Prescription for sustainable hospital, health care facility success
Hospital and health care facility projects are especially important due to their sensitive nature. Clients are demanding that their facilities are energy-efficient.
Michael Chow, PE, CxA, LEED AP BD+C, Member/Owner, Metro CD Engineering LLC, Powell, Ohio
George Isherwood, PE, Vice President, Peter Basso Associates, Troy, Mich.
Michael Lentz, Associate, RMF Engineering, Baltimore
CSE: What software or systems do you use to model the energy consumption of the building?
Lentz: The two programs that we most commonly use are Carrier Hourly Analysis Program (HAP) and the Dept. of Energy’s eQUEST. These programs allow us to model the exterior of the building and evaluate several different HVAC systems throughout the building at the same time. We can see which system will have the most energy savings, and then evaluate that system from a maintenance perspective as well as evaluate if the system is a practical application for the building. This is especially helpful on existing buildings when looking to replace the existing HVAC system that is beyond its useful life. We can evaluate the existing skin and windows of the building and see if a total change in not only the HVAC system, but the type of HVAC system is warranted, cost-effective, and the correct engineering solution for the building.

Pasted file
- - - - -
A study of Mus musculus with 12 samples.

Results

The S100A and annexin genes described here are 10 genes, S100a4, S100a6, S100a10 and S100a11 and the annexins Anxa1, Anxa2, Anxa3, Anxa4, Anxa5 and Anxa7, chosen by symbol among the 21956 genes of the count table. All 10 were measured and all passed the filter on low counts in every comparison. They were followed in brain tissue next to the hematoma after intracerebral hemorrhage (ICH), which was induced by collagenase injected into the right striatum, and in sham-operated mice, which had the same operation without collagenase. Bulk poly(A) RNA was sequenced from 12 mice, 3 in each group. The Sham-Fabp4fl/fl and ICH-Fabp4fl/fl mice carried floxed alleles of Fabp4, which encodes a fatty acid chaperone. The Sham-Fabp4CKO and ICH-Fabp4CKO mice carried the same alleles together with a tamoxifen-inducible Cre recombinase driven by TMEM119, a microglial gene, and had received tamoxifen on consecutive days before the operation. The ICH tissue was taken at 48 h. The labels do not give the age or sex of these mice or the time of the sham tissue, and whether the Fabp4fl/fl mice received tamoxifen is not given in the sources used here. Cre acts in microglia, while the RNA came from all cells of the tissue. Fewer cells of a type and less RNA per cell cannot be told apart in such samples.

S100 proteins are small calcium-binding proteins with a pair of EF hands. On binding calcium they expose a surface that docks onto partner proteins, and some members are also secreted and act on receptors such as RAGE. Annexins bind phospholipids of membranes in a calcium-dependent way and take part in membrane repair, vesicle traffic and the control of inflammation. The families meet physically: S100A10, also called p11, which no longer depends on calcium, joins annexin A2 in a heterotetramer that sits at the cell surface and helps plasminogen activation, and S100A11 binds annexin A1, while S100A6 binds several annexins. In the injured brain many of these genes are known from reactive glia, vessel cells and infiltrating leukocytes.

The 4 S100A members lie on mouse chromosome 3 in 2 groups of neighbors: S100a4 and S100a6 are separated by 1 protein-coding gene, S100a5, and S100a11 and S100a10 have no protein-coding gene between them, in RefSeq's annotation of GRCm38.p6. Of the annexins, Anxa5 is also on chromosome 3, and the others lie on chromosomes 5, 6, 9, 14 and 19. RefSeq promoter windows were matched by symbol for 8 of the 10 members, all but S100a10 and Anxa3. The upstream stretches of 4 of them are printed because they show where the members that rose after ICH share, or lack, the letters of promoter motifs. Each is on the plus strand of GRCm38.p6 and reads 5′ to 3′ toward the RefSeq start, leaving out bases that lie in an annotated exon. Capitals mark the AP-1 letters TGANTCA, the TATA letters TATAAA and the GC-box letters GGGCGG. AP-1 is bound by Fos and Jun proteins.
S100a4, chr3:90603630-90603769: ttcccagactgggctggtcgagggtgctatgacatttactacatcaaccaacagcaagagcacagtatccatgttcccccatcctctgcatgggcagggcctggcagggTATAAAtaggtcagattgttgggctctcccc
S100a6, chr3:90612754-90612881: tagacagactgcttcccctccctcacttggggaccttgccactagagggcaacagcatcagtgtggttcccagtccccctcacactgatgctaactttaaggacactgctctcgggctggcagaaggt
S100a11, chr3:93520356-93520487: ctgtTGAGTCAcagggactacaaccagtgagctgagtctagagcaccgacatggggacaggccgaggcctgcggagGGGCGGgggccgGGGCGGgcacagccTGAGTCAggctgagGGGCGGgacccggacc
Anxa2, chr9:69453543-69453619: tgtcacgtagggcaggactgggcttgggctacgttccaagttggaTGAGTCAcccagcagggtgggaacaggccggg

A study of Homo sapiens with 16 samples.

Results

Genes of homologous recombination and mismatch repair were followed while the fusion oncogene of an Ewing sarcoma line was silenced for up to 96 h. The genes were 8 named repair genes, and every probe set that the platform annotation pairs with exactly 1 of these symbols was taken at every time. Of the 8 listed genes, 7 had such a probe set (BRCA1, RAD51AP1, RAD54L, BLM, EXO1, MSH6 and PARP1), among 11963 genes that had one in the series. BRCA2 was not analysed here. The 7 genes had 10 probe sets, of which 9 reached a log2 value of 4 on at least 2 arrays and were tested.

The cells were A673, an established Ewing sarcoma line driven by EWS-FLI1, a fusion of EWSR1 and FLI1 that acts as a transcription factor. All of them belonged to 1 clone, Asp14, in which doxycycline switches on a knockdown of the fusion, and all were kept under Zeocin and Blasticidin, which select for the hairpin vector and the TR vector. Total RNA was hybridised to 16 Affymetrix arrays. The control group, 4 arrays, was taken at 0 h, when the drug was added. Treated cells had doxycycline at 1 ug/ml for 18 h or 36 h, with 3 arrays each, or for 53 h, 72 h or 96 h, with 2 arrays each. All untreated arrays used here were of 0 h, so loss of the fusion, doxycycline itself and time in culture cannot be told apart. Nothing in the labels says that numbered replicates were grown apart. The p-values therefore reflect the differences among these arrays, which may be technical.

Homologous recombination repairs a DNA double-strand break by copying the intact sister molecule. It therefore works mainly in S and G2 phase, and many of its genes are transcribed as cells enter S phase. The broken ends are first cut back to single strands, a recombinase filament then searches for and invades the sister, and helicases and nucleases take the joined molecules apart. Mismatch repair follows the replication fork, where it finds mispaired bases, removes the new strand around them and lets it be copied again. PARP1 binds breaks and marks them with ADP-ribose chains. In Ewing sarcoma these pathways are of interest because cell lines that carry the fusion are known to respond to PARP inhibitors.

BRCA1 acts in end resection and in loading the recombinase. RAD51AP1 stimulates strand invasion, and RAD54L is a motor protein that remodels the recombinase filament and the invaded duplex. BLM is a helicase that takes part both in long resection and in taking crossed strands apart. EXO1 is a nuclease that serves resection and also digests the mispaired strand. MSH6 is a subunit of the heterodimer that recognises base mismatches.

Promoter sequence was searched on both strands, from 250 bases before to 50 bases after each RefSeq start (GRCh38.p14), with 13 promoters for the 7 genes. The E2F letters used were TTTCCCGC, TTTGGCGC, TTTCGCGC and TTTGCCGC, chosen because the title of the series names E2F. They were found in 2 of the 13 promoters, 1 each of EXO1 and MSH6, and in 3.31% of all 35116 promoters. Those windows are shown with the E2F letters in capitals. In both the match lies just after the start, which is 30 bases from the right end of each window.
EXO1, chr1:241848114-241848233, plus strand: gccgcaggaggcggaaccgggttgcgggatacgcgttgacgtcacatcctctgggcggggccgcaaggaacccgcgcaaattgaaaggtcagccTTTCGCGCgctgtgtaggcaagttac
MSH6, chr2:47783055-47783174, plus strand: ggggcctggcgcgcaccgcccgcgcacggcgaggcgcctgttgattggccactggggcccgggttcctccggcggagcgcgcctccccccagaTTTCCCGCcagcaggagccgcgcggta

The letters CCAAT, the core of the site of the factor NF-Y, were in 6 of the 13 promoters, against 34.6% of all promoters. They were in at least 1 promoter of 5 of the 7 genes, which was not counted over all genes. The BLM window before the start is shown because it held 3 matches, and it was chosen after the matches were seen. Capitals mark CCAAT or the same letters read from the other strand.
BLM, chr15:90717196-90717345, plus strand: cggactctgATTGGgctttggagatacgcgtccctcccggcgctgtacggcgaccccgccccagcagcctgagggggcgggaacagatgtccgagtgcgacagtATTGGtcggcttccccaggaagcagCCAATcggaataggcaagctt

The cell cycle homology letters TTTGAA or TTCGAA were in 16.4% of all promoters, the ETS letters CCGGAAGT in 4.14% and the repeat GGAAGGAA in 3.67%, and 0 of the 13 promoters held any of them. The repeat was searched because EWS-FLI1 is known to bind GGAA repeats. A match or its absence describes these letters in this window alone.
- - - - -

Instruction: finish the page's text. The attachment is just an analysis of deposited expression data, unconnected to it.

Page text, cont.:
CSE: ASHRAE has a goal: net-zero energy for all new buildings by 2030. What do other engineers need to know to achieve this goal on their hospital projects?
Chow: Engineers need to know that a net-zero energy hospital project should incorporate integrated project delivery (IPD). Also, extensive energy modeling analysis will need to be performed as well as integrating innovative design strategies and including both on-site and off-site renewable energy sources.